The buzz surrounding Lamont Wade is palpable, and Terry Smith, the man who knows the cornerback best at Penn State, can’t wait to get him on the field.
Wade, a headliner of Penn State’s 2017 recruiting class, is as heralded as they come. The 5-foot-9, 190-pound defensive back is the No. 1 player from Pennsylvania, No. 1 cornerback in the country, and No. 11 prospect overall, according to Rivals.com.
The Clairton graduate is one of four early enrollees at Penn State; he’s already a month into college classes and spring practice is right around the bend.
The untempered hype over Wade’s potential is rubbing off on Penn State fans everywhere, and everyone wants to get a look at what he can offer, including Smith.
“We’re just looking forward to him performing and getting after it and competing and bringing a challenging spirit and effort to the room.”
Wade joins the Nittany Lions as a high-profile defensive back, but Smith said Wade will have the opportunity to play on both sides of the ball.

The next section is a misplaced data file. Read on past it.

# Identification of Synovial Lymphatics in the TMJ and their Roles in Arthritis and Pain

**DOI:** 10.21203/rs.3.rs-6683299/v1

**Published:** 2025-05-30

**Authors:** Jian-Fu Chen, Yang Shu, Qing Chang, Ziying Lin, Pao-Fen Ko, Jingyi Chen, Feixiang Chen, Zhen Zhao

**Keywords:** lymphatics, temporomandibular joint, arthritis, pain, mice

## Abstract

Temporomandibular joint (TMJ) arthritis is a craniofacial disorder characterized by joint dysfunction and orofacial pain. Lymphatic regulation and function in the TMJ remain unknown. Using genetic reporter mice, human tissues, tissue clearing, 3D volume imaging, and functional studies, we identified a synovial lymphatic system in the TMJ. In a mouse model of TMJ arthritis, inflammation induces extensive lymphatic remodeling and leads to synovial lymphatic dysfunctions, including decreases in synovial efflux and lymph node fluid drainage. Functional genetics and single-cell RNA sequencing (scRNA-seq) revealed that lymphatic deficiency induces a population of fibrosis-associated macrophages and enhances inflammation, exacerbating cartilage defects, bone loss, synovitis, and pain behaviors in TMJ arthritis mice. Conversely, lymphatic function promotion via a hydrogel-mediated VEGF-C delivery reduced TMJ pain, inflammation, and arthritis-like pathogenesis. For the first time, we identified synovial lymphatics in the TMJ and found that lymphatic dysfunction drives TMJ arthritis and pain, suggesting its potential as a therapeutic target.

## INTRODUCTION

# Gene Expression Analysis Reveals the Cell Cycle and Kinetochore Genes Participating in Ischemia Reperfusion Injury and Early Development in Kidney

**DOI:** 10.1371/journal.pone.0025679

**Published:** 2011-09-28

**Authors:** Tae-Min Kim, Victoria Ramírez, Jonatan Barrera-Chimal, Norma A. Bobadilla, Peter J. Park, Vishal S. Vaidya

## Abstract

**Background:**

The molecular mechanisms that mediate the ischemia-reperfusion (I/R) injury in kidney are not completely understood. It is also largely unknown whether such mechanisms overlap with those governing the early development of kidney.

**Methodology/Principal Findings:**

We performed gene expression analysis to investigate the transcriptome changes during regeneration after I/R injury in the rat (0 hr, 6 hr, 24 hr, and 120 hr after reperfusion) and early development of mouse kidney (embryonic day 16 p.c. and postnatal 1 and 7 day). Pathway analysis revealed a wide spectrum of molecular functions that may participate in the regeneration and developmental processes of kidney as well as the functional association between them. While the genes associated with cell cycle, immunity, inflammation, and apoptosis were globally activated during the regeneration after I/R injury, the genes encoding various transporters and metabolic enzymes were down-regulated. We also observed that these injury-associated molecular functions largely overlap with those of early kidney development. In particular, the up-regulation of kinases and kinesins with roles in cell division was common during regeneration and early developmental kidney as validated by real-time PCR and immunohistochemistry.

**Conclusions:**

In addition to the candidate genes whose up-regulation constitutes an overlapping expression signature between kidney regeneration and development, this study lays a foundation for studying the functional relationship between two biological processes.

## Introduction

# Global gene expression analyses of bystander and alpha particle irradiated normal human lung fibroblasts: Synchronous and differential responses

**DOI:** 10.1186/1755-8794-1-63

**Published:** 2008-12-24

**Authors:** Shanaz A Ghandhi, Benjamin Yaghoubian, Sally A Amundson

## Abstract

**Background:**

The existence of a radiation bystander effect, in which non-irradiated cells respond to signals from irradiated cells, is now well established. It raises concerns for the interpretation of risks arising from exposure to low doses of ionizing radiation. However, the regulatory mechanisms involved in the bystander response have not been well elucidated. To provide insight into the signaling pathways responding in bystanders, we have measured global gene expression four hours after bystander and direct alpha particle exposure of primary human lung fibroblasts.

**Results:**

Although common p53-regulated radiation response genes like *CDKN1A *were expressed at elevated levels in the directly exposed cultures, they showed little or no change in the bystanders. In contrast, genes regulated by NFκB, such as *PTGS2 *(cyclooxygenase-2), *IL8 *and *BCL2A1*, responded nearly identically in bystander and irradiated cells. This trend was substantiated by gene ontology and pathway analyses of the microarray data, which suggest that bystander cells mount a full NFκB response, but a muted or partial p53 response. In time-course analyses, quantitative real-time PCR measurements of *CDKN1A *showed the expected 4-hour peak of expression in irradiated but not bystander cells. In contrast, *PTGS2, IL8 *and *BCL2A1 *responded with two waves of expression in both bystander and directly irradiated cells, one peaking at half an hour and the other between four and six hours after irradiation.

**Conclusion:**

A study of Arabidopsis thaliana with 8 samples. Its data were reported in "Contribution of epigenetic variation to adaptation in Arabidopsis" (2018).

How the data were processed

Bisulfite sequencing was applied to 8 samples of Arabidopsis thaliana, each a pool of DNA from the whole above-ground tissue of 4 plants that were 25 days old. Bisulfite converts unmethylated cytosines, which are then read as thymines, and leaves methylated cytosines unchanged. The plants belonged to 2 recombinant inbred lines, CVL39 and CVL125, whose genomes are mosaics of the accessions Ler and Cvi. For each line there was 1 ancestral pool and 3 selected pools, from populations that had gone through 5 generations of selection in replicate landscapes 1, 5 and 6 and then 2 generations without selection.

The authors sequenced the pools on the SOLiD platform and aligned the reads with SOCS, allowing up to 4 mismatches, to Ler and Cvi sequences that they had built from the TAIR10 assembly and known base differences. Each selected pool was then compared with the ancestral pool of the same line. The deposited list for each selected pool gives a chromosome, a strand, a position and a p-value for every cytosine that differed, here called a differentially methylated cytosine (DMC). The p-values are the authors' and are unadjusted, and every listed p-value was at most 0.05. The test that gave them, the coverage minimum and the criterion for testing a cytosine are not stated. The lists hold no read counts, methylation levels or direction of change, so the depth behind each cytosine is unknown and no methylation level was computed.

It’s easy to see why. The Pittsburgh native played running back his whole career as well, and set a WPIAL single-season record of 2,762 rushing yards as a sophomore.
“I think the focal point through spring is to make sure he learns and understands defensive back because that’s going to be his focal point,” Smith said. “Once he learns that, then obviously we want to try and get him into the return game and try and get him some spot touches on offense. We just want to get him comfortable where he knows the system defensively and he’s playing full speed.”
But out of everything — excellence in man coverage, ability to play the ball, speed and offensive versatility — when asked what Wade’s greatest asset is, Smith had a simple answer.
He’s not the biggest player, but his heart is so gigantic. He’s a competitor and he refuses to lose and those are the kind of guys you need in the locker room.
Penn State cornerbacks coach Terry Smith
“His competitiveness,” the coach said. “When you look at the guys we recruited this year, I don’t think there’s anyone that matches his competitive spirit.
“He’s not the biggest player, but his heart is so gigantic. He’s a competitor and he refuses to lose and those are the kind of guys you need in the locker room. Those are the Trace McSorley’s of the world. It doesn’t matter what their circumstance is, they’re just going to play hard and they’re going to get the job done.”
Everyone will get a look at that spirit in Beaver Stadium on April 22, when the Nittany Lions hold the Blue-White Game.